Saturday, December 17, 2011


We drove to a Masai village this morning and were welcomed by one of the chief's sons.  He showed us how to get blood from the cow's neck and we were invited to drink some.  I just put some on my finger and tasted it.  Not as strong tasting as human blood.  

getting ready to get blood

Piercing the neck

Blood, anyone?
a calf born that morning
We then watched them building a new house and traditional round hut.  They use branches held together by wire for the frame then pack the holes with mud.  They use a steel roof but it is covered by thatch for shade and sound purposes.  We were invited to come on the roof and help thatch, but only Helga, who is in her 80's went up.  Lots of us don't like heights.

showing us how it's done

new style vs old

son and 80 year old patriarch of the family

The women came in a line from behind a building singing and dancing.  They then had the women in our group put on traditional Masai robes and beaded neck circlets.  We danced.  It is really hard to get those beads to bounce on your chest.  It's all in the shoulders.  Some of the Masai men then lined up to sing and took turns showing how high they could jump.  The Masai women then led us up to the men to  be "claimed."  We got hugs and then went back into our own line.  

Debbie and Kelly practice carrying wood

Afterwards, we went into a traditional round house.  It has a square central room with firepit in the middle.  The smoke goes up a hole in the roof.  There are four "rooms" created around the circle, for storage, cattle, and sleeping.  At first the head man asked and answered questions.  Their wealth is in cattle, and that is how they pay for land, dowrys, etc.  Our guide told us that after 9/11 the Masai took a lot of cattle to the American embassy for the workers who were helping rebuild.  They have no concept of how far away America is.  

Then the man left and some women came in.  They did not speak any English but our guide translated.  They are all wives of the clan's sons.  There is a patriarch and  his first wife is the matriarch.  They can have more than one wife, but each wife builds her own separate hut.  The women asked how long we nursed our babies.  They nurse for 3 years and do not have sex during that time.  They were surprised to find out that is not our custom.  They asked if the sperm did not go up to the breast milk and harm the baby.  This abstinence could be a reason why the men take more than one wife.  Our guide was translating and got very embarrassed by the personal questions.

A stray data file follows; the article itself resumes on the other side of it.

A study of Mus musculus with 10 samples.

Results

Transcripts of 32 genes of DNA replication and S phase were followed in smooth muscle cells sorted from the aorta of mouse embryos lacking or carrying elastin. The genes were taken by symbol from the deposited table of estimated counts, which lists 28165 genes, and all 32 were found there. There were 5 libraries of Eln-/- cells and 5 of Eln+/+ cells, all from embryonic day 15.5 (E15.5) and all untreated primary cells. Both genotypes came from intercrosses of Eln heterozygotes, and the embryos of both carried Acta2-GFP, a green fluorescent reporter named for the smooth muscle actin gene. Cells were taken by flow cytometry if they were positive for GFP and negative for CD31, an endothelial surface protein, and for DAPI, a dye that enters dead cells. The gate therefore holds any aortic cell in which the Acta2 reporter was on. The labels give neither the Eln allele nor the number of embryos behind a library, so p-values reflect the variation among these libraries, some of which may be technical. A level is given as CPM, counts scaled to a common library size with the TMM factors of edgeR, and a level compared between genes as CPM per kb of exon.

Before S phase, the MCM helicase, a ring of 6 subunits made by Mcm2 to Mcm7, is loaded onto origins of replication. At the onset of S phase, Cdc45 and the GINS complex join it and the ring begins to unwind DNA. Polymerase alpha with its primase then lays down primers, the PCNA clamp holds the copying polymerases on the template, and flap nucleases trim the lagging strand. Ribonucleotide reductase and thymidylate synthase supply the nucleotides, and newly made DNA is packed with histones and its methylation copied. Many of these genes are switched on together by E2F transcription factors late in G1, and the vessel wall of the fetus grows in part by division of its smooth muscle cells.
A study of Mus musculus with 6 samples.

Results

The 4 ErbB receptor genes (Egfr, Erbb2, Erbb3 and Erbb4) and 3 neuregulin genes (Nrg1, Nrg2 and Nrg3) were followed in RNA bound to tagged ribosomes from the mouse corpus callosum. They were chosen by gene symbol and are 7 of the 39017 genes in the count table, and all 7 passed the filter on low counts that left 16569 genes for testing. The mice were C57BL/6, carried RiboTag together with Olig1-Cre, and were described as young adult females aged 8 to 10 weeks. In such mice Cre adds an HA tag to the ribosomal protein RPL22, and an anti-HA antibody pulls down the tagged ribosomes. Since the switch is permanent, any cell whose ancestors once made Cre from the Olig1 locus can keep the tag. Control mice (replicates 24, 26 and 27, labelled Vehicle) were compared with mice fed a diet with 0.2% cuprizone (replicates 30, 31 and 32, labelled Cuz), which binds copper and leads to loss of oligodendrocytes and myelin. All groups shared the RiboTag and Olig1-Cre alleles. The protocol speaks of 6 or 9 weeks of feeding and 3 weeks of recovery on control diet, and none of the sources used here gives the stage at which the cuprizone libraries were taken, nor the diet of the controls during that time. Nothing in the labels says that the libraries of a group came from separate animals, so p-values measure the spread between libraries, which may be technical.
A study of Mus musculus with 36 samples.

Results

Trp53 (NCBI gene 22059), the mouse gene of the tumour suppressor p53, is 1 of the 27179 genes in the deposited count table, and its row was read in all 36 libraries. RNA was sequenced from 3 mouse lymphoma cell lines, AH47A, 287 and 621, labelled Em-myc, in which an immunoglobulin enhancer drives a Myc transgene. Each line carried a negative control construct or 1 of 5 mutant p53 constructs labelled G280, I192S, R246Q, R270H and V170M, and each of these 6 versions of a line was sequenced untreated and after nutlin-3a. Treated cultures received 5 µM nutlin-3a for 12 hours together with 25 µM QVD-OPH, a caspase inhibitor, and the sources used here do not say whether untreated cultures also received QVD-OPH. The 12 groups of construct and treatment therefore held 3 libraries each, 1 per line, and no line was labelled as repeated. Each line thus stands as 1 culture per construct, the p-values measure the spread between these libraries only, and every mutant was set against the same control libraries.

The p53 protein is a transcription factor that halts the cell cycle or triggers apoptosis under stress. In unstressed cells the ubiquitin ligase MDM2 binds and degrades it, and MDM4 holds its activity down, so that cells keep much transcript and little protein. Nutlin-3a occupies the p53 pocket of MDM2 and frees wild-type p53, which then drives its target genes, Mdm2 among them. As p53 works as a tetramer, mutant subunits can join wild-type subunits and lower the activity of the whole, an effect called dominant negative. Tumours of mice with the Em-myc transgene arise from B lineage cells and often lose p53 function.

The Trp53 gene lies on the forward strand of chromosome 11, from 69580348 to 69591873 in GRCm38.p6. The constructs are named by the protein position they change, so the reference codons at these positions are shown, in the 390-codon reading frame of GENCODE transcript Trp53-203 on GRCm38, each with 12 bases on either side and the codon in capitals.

We left the Masai and went to a Makonde tribe woodworking shop about an hour away.  They make carved animals, bowls, masks, etc and sell them to tourist shops.  I bought some rosewood salad tongs.

Makonde woodworkers

We drove past Lake Manyara and finally we came to our hotel for the night,Tloma Lodge.  It has huge gardens and they make and process coffee here.  We were welcomed with lemon grass juice and cookies with chocolate drops in the middle.  We had a beautiful buffet lunch, all very fresh.  They also had spaghetti with meat sauce, shepherd's pie, zucchini casserole, ugali, and two kinds of quiche.

Paul and Mimi from Torrance

My room overlooks the gardens
Peter, our guide, took us on a one hour walk around the gardens.  They are very extensive with many fruit trees and herbs, as well as long rows of many kinds of vegetables.  Different kinds of lilies border much of the garden.  Banana and papaya trees shade the coffee plants.

Lilies surround the gardens

Sunflowers and papayas

According to our driver, Stanley, the dread locked young man we saw in the lodge owns this one and 69 others.  He also owns 600 Kibo company trucks, which he sells to other tour companies after 5000 km (about 3100 miles).  He is half German but was raised by his Tanzanian mother.and never knew his father.  Quite a success story.  OAT contracted with his company so we are staying in several of his lodges and using his trucks and drivers.